The arm-length tattoos weren’t the only Chris Carraba comparisons evoked by Gaslight Anthem front-man Brian Fallon at the Black Cat last Saturday night. The love or hate one had for the solo show could come down to two simple questions, “Did you secretly love MTV Unplugged?” and “Do sing-alongs send shivers down your spine?”
I answer, “yes.”
To be fair to Fallon, the similarities to the heart-unveiling frontman for Dashboard Confessional only run skin-deep, and even there, it’s just barely. While Carrabba made/makes sure that everyone knows the contents of his journal, letter for tear-stained letter, Fallon operates from a point of narrative distance and nuance in his lyrics. Oh, and when it comes to tattoos, Carrabba’s bedroom wall-ready lower arms can’t compare to the ink that covers nearly every bare portion of Fallon’s body.
But when Fallon opened the nearly-sold out show at the Black Cat with a rambling seven minute story about people dating his sister, or going on tour, or moving out of his parents basement–it was clear that this wasn’t going to be a rock show.
“It’s kind of like this offhanded backstory that no one gets to see. It’s not popular stories — we came from regular things, not extremely bad, not extremely good. … None of us were, like, really, really broke. I never feel like any of us had it worse than anyone else.” –Brian Fallon in Express
Fallon and company have been hard at work recording the follow-up to the brilliant The ’59 Sound and it seemed like Saturday night was Fallon’s chance to get out of the studio, stretch his legs a bit and play a few songs in the process. Making a joke about the mystique leaving marriage after you woke up to the person snoring next to you, Fallon braced the crowd for a night bereft of pretension and full of pauses.
For me, that was just fine. Fallon is one of the easiest people to interview, almost to a fault, and the solo show was just a chance for me to get to hear some of the stories and random stories that should provide the basis for Gaslight Anthem’s new album, American Slang.
There was little polished or smooth about Fallon’s stage patter (yes, seven minutes) but there was something disarming about his soul-baring honesty. When he wrapped up the opening monologue and started strumming the quiet chords to Great Expectations, his first words were echoed by everyone of the voices from the packed house. It was a bit unsettling.
Go to enough of these shows, and you forget that some of these small(ish) bands are only a few songs from the top. There was a fervor that the crowd injected into these songs that was stunning. For many of us, Fallon’s songs of backseats, classic cars, a girl named Mary and kids who die on a Saturday night, these have been the anthems blasted from the speakers, with the windows rolled down, on a Saturday morning in July. Gaslight has yet to have a huge spot on the silver or small screen, but that didn’t seem to bother any of the tattooed punks from Jersey or flannel-wearing kids.
When live music can break down the barrier between the floor and the stage, and bring the audience and the singer to the same place, there’s something special that can make you catch your breath. It depends on who’s singing, but Fallon’s everyman anthems are filled with body and weight when they’re being preached like a rock ‘n roll creed.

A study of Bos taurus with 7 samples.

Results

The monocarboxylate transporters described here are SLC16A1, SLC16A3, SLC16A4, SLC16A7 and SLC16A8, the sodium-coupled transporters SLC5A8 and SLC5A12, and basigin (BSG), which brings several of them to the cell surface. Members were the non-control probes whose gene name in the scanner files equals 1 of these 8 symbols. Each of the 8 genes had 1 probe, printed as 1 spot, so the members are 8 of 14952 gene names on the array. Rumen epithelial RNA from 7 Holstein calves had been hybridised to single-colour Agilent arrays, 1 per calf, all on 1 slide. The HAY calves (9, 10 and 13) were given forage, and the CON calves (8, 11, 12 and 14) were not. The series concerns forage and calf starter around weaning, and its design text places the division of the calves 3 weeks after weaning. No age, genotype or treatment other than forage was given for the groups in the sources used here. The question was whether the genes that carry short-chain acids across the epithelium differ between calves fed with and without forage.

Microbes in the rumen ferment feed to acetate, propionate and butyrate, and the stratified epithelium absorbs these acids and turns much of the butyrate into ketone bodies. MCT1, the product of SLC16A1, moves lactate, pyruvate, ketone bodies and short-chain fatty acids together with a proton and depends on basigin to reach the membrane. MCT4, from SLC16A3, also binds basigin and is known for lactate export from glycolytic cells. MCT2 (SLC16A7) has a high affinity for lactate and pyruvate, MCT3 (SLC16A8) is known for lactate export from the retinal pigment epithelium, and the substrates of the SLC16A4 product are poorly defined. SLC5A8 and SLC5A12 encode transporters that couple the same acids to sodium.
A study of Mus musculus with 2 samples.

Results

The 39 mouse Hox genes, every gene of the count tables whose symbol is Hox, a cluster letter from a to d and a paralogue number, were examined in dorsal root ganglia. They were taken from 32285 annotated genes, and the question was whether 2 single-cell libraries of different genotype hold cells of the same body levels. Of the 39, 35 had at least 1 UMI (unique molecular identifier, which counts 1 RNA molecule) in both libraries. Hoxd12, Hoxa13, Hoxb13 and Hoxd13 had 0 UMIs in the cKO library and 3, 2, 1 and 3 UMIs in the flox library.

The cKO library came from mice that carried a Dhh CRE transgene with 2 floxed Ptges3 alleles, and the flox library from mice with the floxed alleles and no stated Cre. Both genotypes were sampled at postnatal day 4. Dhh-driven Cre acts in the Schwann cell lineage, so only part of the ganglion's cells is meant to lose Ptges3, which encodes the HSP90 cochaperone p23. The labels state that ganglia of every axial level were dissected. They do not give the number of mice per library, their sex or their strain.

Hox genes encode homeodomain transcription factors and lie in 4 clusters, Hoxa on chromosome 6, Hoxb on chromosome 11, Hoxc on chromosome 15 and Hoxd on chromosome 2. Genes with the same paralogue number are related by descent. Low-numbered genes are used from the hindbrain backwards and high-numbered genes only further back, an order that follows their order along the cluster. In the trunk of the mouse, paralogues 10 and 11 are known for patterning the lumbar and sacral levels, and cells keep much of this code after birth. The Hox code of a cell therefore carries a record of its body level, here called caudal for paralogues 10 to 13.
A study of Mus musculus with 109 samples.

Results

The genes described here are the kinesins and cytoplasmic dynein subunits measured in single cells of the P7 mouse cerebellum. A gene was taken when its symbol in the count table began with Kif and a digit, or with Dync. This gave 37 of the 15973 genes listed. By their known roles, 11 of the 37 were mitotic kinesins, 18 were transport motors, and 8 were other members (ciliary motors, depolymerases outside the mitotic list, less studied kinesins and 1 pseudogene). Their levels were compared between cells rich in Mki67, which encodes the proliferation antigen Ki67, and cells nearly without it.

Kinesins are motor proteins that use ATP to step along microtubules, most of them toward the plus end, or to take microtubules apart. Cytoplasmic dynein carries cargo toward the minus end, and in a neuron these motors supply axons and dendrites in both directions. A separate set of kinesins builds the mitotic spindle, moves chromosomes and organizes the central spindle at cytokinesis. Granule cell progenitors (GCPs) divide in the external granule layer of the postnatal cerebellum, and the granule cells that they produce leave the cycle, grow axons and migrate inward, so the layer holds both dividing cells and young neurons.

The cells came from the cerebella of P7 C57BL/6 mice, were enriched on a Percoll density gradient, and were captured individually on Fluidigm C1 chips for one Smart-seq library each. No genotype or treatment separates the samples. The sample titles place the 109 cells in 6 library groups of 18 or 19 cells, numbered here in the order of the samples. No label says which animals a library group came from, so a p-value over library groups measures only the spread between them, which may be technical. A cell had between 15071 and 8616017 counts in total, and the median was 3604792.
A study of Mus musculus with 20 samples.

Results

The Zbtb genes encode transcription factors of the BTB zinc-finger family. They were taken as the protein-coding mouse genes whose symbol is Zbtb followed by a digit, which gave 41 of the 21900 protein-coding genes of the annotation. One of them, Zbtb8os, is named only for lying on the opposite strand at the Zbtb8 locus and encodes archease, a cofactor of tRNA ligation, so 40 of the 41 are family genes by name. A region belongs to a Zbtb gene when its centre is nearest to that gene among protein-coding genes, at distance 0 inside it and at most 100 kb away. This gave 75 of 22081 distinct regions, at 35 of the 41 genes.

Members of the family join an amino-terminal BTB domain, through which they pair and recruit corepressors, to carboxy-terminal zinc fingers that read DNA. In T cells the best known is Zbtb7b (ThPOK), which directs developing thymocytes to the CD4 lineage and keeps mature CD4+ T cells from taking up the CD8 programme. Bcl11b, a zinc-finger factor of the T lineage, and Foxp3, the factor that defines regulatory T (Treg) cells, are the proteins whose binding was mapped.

Borrowing from all three releases, Fallon sang of blue jeans, sailor tattoos, and a soldier’s last letter home. He talked about trying to be a decent husband, after being fathered by a “crappy” one, and how he was only making a little more money than when he was roofing houses and working construction.
And then there were the covers. My fingers lost count of how many classic bits of Americana that Fallon sprinkled into the set. There were the standard swaying sing-alongs of “Have You Ever Seen the Rain?” the fist-pumping moments of “Ring of Fire,” and then the slightly bizarre duet of Tegan and Sara’s Call it Off from Fallon and The Loved One’s Dave Hause.
But there is little room for nuance with anthems, the tempo of the song is dictated in waves not whispers. While Fallon had burned his words into the minds of the audience, the crowd was more interested in reciting those manifestos than allowing the sheepishly-grinning singer to preach a new gospel.
It became less like a concert and more like what would happen if Fallon decided to come hang out in your living room for the night and just play music. The originals were premeditated and didn’t deviate (no matter how much that kid with the glasses might scream for Mary, The Blues) but Hause and Fallon seemed to have decided on the covers that afternoon with songsheets and tabs resting on the music stand.
It was a set that was long, sloppy, and absolutely perfect.
Hause and Fallon’s encore was all covers, closing with Social Distortion’s Ball and Chain, and leaving the stage after 1 a.m. Walking out of the show with a few friends and Scotland, it just felt like you had seen something special. Gaslight Anthem has firmly entrenched itself in minds and hearts, and with this upcoming release, it shouldn’t be long before that sound spreads to bigger stages. That’s a bittersweet expectation though, because Fallon occupies the small stage so well. He’s a 29-year-old who doesn’t take success for granted, whether he’s just hanging out by himself, or sending a sold out club into waves of moshing, fist-pumping fury (like at the 9:30 Club last fall).
But you can’t keep a good sound down, and the testament of The Gaslight Anthem will spread to the four corners of the earth.